Emmy Nominations Show Increasing Gender Equality in TV Directing
3:00 pm, July 19th | by Grace Rasmus
To take my mind off the tragedy of Corey Stoll‘s snub for his role as Peter Russo on House of Cards, I’m going to focus on some positive things about the list of Emmy nominees; as an extra challenge, let’s see if I can keep it super relevant by finding positives that apply specifically to young, working women! Okay, here we go.
First of all, HoC and Arrested Development‘s fourth season were both nominated, which is cool news in that it somewhat legitimizes the millennial Netflix obsession. Secondly, career-centric TV shows like Scandal, Mad Men, Veep, 30 Rock, Breaking Bad (cooking meth is kind of a career, right?), and Parks and Recreation are center-stage this year. And finally, possibly (read: definitely) the best news of all: for the third time in Primetime Emmy history (and for the third time in the last four years), a majority of the directing nominees are women.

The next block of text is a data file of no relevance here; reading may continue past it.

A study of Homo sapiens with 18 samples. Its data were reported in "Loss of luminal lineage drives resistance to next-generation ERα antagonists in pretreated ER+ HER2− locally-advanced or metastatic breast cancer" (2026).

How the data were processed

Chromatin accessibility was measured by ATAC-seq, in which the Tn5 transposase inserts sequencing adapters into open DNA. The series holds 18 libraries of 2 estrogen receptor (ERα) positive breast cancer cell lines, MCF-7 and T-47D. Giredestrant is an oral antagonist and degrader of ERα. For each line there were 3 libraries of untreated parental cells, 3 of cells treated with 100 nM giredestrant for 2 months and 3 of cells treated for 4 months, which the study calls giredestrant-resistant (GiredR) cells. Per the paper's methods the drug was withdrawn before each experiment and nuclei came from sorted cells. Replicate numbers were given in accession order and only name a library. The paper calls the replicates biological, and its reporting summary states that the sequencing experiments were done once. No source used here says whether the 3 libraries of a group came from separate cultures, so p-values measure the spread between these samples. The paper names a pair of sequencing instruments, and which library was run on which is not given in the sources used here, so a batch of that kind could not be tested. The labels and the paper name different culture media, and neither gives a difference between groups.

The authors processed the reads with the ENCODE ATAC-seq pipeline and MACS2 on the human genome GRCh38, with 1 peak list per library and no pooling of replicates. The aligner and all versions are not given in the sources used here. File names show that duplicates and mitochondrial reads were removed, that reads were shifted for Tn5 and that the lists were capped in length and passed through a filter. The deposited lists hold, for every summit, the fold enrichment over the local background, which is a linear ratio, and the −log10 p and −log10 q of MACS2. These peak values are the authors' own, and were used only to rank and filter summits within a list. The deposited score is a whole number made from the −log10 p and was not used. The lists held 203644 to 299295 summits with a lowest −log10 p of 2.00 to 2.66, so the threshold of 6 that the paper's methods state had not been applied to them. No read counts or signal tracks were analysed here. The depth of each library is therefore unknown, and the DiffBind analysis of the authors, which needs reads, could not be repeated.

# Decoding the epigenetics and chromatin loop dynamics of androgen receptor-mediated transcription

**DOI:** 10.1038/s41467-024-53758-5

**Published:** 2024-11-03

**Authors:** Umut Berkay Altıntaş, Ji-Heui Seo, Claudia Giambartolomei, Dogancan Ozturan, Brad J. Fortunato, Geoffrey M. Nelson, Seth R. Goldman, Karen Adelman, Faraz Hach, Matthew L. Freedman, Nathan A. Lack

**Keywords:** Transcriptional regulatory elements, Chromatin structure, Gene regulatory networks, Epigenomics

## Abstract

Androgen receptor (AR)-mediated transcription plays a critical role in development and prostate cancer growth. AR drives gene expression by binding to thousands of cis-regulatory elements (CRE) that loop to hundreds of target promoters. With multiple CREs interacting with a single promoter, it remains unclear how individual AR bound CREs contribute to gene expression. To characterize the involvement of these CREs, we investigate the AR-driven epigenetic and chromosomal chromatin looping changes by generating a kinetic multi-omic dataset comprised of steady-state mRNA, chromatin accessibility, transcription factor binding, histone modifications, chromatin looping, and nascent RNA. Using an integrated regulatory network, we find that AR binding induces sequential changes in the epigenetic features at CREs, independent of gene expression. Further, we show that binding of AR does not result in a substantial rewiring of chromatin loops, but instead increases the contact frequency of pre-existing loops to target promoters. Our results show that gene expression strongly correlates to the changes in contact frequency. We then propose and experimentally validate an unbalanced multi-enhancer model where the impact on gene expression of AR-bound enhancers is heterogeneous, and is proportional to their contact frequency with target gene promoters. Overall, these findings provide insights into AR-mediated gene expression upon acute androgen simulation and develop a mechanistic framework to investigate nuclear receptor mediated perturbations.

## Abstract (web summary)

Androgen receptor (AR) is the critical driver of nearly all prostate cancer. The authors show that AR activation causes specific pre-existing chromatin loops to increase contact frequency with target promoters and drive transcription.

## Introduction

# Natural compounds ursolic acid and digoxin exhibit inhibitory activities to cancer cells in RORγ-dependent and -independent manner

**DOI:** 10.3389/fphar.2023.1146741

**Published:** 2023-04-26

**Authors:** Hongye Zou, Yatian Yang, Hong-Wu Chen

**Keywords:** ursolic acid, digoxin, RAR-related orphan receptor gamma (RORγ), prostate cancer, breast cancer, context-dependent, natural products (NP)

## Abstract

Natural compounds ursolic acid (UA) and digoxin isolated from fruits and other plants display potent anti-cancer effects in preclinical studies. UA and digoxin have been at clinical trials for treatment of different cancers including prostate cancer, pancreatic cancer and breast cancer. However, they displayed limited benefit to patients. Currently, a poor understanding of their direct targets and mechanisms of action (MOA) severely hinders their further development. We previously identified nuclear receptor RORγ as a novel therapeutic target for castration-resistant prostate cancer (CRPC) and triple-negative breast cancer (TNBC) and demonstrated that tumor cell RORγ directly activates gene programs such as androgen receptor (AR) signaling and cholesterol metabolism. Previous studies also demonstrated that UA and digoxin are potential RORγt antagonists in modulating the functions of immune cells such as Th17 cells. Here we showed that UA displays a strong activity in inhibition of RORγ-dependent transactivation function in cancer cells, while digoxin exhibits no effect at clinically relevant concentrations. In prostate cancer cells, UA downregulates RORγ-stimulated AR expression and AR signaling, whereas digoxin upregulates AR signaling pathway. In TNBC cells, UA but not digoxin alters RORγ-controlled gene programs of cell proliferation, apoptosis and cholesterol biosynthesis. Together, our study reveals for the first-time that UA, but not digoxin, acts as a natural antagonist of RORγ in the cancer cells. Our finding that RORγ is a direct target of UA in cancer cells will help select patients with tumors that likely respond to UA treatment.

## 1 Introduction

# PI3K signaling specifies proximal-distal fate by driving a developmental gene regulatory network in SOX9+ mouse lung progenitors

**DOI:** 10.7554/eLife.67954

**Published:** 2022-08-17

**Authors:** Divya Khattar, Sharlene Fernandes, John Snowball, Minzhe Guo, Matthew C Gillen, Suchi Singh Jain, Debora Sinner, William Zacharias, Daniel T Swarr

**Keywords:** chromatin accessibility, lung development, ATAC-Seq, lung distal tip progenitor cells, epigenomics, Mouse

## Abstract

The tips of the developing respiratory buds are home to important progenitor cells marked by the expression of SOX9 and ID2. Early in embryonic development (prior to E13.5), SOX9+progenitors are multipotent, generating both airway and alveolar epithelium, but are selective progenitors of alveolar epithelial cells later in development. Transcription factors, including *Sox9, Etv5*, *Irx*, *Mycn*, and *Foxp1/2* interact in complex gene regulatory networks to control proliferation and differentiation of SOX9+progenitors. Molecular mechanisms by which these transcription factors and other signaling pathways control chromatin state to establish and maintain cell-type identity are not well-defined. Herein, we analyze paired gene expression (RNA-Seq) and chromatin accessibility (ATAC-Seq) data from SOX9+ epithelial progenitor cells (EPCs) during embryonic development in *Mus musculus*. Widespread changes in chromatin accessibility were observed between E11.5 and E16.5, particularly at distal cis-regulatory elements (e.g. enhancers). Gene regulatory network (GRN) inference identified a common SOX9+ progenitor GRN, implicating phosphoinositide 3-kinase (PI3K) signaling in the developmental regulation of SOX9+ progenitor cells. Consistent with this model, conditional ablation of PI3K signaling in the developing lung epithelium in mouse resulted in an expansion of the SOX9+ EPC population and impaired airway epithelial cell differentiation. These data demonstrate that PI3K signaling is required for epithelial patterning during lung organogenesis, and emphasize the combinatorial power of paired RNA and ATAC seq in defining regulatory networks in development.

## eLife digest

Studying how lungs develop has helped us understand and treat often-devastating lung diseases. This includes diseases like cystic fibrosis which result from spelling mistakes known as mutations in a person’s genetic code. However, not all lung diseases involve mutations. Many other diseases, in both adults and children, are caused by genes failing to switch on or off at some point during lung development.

In this year’s Outstanding Direction For a Comedy Series category, Lena Dunham received a directing nod for Girls‘ “On All Fours,” Gail Mancuso was nominated for Modern Family‘s “Arrested,” and Beth McCarthy-Miller was nominated for 30 Rock‘s “Hogcock! / Last Lunch.” This is the second Emmy directing nomination for both Dunham and Mancuso, and the eighth for McCarthy-Miller. None of these women have won a directing Emmy before, and only one female, Betty Davis for 1993′s Dream On, has ever taken home the Outstanding Directing in a Comedy Series award.
As feminists, activists, and those in the industry have been raising their voices about the dearth of women (both onscreen and off) in TV and movies for years, having an institution like the Emmys acknowledge women’s contributions is refreshing. However, women working behind the camera are still few and far between: only four women have ever been nominated for a Best Director Oscar, and only one (Kathryn Bigelow) has ever taken home the award.
It’s interesting to note that the same women seem to be getting recognized year after year. For example, on the Drama Series side, Michelle MacLaren received her third directing nomination for Breaking Bad, and Lesli Linka Glatter received her second (for Homeland). In the Outstanding Directing for a Miniseries, Movie, or a Dramatic Special category, Allison Anders was nominated for Lifetime’s Ring of Fire and Jane Campion was nominated for Top of the Lake. Rory Kennedy was nominated for a second time in the Director for Nonfiction Programming category for her HBO documentary Ethel. We love that increasing numbers of women are being nominated, but can we get some diversity here?